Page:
Uber hit by massive fine

Uber's troubles are added to by the imposition of a cybersecurity-related fine.
28 September 2018 | 25 Shares

The ride-hailing giant has been hit by a large US-wide fine. Source: Shutterstock

Ride-hailing giant Uber has agreed to pay a fine of US$148 million over a data breach that occurred in 2016. The company concealed the breach for a year, after it paid hackers US$100,000 to destroy the information it lost, and attempted to ensure the thieves’ silence, in a bid to prevent bad publicity.

The company disclosed the breach last year shortly after Dara Khosrowshahi took over as chief executive, who promised a new, more open way of doing business for the company.

The stolen data involved personal information on riders and drivers, nearly half of whom are from the United States.

As a further part of its attempts to improve corporate transparency on Khosrowshahi’s appointment, Uber revoked its previous policy that made arbitration mandatory over any claim of sexual misconduct involving drivers, riders and employees. This allowed cases to be heard in public courts in the US.

It is thought that Uber is currently seeking a public flotation, and currently commands a total value of more than US$70 billion.

The company’s agreement to pay this recent penalty means the company avoids a lengthy and, we assume, highly public court case. The payment is a settlement for combined multiple claims from states across the US.

“The commitments we’re making in this agreement are in line with our focus on both physical and digital safety for our customers,” Uber’s Chief Legal Officer Tony West said while announcing the settlement.

“We know that earning the trust of our customers and the regulators we work with globally is no easy feat […] We’ll continue to invest in protections to keep our customers and their data safe and secure, and we’re committed to maintaining a constructive and collaborative relationship with governments around the world.”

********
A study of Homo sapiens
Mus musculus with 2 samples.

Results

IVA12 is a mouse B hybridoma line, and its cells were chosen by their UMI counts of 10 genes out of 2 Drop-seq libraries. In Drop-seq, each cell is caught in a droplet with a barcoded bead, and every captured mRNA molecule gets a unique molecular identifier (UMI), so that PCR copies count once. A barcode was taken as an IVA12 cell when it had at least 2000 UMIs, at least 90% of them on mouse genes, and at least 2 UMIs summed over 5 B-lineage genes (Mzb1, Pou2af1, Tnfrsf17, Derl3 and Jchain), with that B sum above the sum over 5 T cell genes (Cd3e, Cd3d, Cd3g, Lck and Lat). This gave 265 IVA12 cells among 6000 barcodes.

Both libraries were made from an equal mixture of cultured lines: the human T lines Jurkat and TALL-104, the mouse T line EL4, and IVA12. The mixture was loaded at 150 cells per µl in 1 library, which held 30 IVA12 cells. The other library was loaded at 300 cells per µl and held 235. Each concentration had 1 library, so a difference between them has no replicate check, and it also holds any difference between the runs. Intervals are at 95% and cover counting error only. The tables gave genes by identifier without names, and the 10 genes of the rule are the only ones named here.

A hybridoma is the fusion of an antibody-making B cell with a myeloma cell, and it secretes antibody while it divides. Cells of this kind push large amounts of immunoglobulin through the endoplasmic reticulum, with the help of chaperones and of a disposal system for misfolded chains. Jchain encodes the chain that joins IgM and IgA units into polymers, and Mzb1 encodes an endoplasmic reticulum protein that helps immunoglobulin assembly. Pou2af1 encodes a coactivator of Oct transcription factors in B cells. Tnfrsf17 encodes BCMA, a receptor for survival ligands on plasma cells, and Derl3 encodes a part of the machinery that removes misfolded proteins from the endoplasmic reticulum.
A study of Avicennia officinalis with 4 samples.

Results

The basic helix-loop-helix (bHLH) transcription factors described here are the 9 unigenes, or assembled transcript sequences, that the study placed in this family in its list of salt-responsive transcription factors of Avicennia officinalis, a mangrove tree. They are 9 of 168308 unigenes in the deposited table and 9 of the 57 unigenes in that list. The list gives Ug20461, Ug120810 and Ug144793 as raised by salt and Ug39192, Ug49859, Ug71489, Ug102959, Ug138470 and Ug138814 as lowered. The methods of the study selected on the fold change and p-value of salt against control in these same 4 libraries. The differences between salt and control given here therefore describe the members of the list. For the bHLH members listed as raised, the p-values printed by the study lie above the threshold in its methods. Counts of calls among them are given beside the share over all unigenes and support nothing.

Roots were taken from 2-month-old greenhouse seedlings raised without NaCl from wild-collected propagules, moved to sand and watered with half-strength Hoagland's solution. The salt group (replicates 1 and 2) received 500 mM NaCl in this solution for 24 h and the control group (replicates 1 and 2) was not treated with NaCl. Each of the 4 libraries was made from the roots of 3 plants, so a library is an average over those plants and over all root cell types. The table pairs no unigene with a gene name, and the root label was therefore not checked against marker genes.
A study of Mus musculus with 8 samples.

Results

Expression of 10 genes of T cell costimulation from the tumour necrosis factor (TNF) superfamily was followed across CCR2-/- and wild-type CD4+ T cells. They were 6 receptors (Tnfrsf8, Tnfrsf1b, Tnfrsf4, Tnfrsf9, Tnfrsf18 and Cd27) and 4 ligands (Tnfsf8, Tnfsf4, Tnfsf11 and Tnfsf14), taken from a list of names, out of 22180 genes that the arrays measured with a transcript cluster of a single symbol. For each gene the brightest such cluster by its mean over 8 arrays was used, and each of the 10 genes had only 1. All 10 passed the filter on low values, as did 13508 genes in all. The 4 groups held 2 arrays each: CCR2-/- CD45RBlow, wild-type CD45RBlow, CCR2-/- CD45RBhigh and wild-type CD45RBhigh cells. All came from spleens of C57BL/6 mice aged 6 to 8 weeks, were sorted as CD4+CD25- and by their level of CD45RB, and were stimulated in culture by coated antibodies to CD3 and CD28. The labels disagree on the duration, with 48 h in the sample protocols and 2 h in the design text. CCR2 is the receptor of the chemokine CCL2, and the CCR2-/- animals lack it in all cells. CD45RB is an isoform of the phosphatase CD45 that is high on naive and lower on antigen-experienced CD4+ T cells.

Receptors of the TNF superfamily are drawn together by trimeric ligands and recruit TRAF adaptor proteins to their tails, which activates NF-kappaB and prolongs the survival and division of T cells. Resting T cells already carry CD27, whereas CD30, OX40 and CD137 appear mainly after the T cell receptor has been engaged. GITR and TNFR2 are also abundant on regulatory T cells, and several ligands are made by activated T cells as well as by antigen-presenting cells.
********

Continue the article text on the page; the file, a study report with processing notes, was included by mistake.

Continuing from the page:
In Illinois, Attorney General Lisa Madigan said her office would pay each Illinois driver which who either still works for, or used to work for Uber, US$100 each by way of compensation from a US$5 million fund.

“While Uber is now taking the appropriate steps to protect the data of its drivers in Illinois and across the country, the company’s initial response was unacceptable,” Madigan said. “Companies cannot hide when they break the law.”

New York Attorney General Barbara Underwood said: “This record settlement should send a clear message: we have zero tolerance for those who skirt the law and leave consumer and employee information vulnerable to exploitation.”

In February, Uber agreed to pay US$245 million to Alphabet, Google’s umbrella company, to settle an action over allegedly stolen trade secrets from Waymo, the self-driving car unit.

Uber is potentially facing further inquiries in the United States and elsewhere over other issues of data security, illegal practices involving software routines deployed against rivals, and several cases of sexual discrimination.

Data released from the second quarter financial results show that Uber lost US$891 million on total revenue of US$2.8 billion.